A Washington Post official blasted Mike Pompeo for his portrayal of Jamal Khashoggi in his new book.
Post publisher Fred Ryan said Pompeo "outrageously" misrepresents "the life and work" of Khashoggi.
It was later revealed the US believed the Crown Prince of Saudi Arabia ordered Khashoggi's murder.
Washington Post publisher Fred Ryan on Tuesday fired back at former Secretary of State Mike Pompeo for criticizing the late Post columnist Jamal Khashoggi in his new book as an "activist" and saying the media unfairly lionized him after Khashoggi's brutal murder.
"It is shocking and disappointing to see Mike Pompeo's book so outrageously misrepresent the life and work of Washington Post columnist Jamal Khashoggi," Ryan said in a statement after reports about Pompeo's book. "As the CIA — which Pompeo once directed — concluded, Jamal was brutally murdered on the orders of Saudi Crown Prince Mohammed Bin Salman."
Ryan added that "it is shameful" Pompeo would "spread vile falsehoods to dishonor a courageous man's life and service."
—Washington Post PR (@WashPostPR) January 24, 2023
Pompeo, who is widely viewed as considering a 2024 presidential run, mocked the larger media portrayal of Khashoggi in his newly published book, "Never Give an Inch: Fighting for the America I Love."
"Much of the disproportionate global uproar was fueled by the media, which hammered the story extra hard because Khashoggi was a 'journalist,'" Pompeo wrote. "To be clear, Khashoggi was a journalist to the extent that I and many other public figures are journalists."
Pompeo goes on mock the media for making Khashoggi "out to be a Saudi Arabian Bob Woodward who was martyred."
"In truth, Khashoggi was an activist who had supported a losing team in a recent fight for the throne in Saudi Arabia, and he was unhappy with having been exiled. And as even the New York Times reported, Khashoggi was cozy with the terrorist-supporting Muslim Brotherhood."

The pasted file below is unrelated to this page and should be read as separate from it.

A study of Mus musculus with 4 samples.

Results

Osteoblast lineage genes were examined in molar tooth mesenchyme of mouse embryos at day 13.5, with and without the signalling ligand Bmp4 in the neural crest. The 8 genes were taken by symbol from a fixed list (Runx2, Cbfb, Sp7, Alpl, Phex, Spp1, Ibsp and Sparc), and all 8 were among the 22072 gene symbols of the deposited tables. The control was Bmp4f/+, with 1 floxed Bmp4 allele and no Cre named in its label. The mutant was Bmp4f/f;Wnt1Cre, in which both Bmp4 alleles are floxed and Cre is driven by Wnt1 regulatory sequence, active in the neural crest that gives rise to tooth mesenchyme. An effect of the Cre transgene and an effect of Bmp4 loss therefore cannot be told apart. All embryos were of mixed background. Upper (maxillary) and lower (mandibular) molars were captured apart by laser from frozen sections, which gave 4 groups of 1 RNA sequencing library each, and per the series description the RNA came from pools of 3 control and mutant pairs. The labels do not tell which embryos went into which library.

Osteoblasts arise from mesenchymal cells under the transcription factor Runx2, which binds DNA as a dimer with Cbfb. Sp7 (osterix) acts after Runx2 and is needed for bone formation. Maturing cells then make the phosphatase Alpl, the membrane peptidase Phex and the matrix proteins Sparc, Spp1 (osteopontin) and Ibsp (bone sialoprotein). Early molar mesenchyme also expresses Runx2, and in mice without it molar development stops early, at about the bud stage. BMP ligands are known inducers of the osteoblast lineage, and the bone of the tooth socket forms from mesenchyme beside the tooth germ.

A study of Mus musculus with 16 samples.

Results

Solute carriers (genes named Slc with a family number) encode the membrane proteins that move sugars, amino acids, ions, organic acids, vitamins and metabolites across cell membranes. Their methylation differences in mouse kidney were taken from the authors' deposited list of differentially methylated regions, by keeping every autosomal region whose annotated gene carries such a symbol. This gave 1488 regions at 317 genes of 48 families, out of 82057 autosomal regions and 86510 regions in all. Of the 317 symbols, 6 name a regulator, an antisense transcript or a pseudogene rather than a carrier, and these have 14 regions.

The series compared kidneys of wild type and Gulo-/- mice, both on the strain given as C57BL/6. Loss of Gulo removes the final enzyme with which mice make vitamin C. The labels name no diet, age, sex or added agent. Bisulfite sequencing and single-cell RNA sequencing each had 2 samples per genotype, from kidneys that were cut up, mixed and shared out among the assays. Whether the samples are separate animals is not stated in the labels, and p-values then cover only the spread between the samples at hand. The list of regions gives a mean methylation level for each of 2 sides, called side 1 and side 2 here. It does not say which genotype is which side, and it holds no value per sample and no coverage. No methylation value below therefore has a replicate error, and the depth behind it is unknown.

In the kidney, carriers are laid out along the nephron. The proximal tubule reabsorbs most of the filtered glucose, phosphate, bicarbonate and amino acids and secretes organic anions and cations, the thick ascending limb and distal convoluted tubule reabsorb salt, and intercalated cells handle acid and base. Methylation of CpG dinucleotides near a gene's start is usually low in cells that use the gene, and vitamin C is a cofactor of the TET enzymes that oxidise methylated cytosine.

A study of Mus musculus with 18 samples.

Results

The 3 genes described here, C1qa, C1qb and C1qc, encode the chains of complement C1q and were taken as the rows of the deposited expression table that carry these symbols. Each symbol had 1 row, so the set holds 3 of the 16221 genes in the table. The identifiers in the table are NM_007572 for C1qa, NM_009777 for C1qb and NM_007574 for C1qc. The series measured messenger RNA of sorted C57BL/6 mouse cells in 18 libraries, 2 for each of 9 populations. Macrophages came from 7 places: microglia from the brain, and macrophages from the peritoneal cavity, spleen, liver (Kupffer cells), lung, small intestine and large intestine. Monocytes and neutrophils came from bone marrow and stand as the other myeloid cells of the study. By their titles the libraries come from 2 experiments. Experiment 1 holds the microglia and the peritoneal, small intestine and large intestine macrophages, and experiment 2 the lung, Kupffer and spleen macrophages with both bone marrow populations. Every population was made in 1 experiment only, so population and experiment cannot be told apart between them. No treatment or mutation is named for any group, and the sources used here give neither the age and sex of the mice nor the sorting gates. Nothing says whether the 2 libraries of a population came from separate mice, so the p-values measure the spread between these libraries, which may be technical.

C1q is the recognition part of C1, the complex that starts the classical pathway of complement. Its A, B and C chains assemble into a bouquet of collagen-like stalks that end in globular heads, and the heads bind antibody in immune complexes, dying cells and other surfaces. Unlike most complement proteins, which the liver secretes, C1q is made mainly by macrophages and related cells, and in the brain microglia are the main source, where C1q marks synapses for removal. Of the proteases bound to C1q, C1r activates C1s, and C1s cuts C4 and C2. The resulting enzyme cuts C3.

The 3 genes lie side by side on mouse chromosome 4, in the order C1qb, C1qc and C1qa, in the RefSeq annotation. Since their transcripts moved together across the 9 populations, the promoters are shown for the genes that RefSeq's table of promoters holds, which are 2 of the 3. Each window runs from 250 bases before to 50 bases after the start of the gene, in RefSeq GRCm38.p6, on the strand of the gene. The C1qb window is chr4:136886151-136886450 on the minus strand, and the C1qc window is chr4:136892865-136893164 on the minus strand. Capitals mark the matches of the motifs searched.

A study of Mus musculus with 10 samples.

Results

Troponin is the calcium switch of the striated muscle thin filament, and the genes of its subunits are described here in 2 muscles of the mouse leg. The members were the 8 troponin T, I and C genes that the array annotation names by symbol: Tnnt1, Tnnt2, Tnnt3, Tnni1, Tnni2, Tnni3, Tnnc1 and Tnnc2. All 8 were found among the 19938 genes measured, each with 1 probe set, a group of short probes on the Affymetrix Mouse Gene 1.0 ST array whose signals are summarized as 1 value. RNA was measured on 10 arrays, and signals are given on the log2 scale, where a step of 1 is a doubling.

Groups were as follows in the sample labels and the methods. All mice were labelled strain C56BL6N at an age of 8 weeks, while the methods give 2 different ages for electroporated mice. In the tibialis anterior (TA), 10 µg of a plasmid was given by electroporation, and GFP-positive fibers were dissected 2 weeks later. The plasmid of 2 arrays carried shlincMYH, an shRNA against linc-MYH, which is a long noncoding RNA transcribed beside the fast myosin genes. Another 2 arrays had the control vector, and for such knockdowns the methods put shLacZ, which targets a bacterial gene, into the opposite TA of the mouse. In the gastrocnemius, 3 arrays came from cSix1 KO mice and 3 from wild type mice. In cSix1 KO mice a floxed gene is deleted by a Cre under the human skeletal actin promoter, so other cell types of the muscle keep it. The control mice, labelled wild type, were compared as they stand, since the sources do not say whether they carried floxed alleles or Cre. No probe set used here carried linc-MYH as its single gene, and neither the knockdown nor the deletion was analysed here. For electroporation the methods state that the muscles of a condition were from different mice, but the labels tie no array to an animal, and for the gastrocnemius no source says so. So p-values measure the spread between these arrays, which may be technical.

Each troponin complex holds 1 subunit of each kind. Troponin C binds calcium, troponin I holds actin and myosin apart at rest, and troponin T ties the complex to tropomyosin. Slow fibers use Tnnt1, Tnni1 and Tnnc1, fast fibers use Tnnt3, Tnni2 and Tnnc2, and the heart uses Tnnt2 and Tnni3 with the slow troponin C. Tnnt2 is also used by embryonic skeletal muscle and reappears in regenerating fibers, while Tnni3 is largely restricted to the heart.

In response to Ryan's statement, Pompeo said he would "never let the media bully me."
"Americans are safer because we didn't label Saudi Arabia a pariah state," Pompeo wrote on Twitter. "I never let the media bully me. Just b/c someone is a part-time stringer for WaPo doesn't make their life more important than our military serving in dangerous places protecting us all."
The Times did report in 2018 that "several" of Khashoggi's friends say that earlier in his life that the future columnist joined the Muslim Brotherhood. The report also described that later in his life Khashoggi's ties to the group were "ambiguous." Hanan Elatr Khashoggi, Khashoggi's widow, told NBC News that Khashoggi' was never part of the group.
The Trump administration pushed to label Muslim Brotherhood as a foreign terrorist organization, a view that was met with intense pushback from those who study the group's origin. Experts said at the time that while offshoots of the Brotherhood had been violent, there was not sufficent evidence that the Muslim Brotherhood itself met the legal definition for such a desgination.
Khashoggi, a Saudi national, was last seen entering the Saudi consulate in Istanbul in October 2018. Audio of his capture and subsequent brutal death at hands of a Saudi hit squad later came to light.
At the time of Khashoggi's death, Pompeo was President Donald Trump's Secretary of State. Pompeo saw firsthand how Khashoggi's death galvanized bipartisan outrage over the US's relationship with Saudi Arabia. The Biden administration later declassified a Trump-era intelligence report that assessed that Prince Mohammed ordered the grizzly killing. Khashoggi had written columns critical of the Kingdom for The Post.